Appendix B.

Random sampling using a grid system.

When using random sampling techniques, large numbers of samples/records are taken from
different random positions within a habitat. A quadrat (a square frame) is most often used
for random sampling. It is used to obtain samples from areas of consistent size. The
actual size of the quadrat is determined by the habitat being sampled and by the purpose
of the survey.

In the simplest form of random sampling, the quadrat is thrown to fall at
‘random’ within the site. However, this is unsatisfactory because a personal
element enters into the throwing and it is never completely random. True randomness is an
important factor, because many of the common statistical techniques used to process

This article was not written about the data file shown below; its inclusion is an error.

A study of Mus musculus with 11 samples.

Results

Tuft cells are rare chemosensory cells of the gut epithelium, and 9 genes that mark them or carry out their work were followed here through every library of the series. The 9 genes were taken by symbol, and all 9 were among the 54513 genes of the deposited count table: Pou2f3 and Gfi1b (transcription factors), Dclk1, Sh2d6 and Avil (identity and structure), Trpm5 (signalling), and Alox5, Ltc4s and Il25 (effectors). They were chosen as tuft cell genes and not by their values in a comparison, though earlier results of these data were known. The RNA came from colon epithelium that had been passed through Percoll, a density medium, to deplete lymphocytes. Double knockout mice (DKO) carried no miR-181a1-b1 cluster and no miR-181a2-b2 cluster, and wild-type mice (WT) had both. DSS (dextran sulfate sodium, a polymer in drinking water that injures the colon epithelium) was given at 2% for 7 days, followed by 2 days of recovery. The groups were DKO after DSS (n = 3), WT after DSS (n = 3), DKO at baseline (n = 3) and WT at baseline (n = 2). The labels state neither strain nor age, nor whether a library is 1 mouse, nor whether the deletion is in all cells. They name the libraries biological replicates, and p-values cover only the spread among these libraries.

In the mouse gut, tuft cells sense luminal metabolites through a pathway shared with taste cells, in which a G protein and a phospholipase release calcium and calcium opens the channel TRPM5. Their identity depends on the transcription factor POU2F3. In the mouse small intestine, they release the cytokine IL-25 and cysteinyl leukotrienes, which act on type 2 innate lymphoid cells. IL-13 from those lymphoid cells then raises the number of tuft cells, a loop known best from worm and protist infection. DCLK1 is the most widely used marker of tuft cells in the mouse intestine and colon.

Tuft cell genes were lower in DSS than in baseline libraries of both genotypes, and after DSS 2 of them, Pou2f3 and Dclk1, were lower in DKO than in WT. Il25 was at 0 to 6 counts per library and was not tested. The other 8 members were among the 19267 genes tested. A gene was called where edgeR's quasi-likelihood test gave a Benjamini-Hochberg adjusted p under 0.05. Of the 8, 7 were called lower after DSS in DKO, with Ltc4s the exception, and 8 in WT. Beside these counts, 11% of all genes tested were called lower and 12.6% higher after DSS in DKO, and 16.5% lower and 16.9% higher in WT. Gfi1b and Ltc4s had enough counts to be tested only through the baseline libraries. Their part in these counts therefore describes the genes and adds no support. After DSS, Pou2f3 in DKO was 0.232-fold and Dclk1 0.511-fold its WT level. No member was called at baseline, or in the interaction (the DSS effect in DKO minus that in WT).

results are only valid on data that is truly randomly collected. This technique would also
only be possible where quadrats of small size are being used. It would not be possible to
throw anything larger than a 1m quadrat and even this might pose difficulties.

A better method of random sampling is to map the area and then to lay a numbered grid
over the map. A (computer generated) random number table is then used to select which
grids to sample in.

In this survey, a numbered grid was drawn on paper to represent the 20m square to be
randomly sampled. Each square on the grid represents a 2m square quadrat in the sampling
square. Ten consecutive random numbers (less than 100) were chosen from a random number
table. The quadrats in the grid bearing these numbers were then sampled.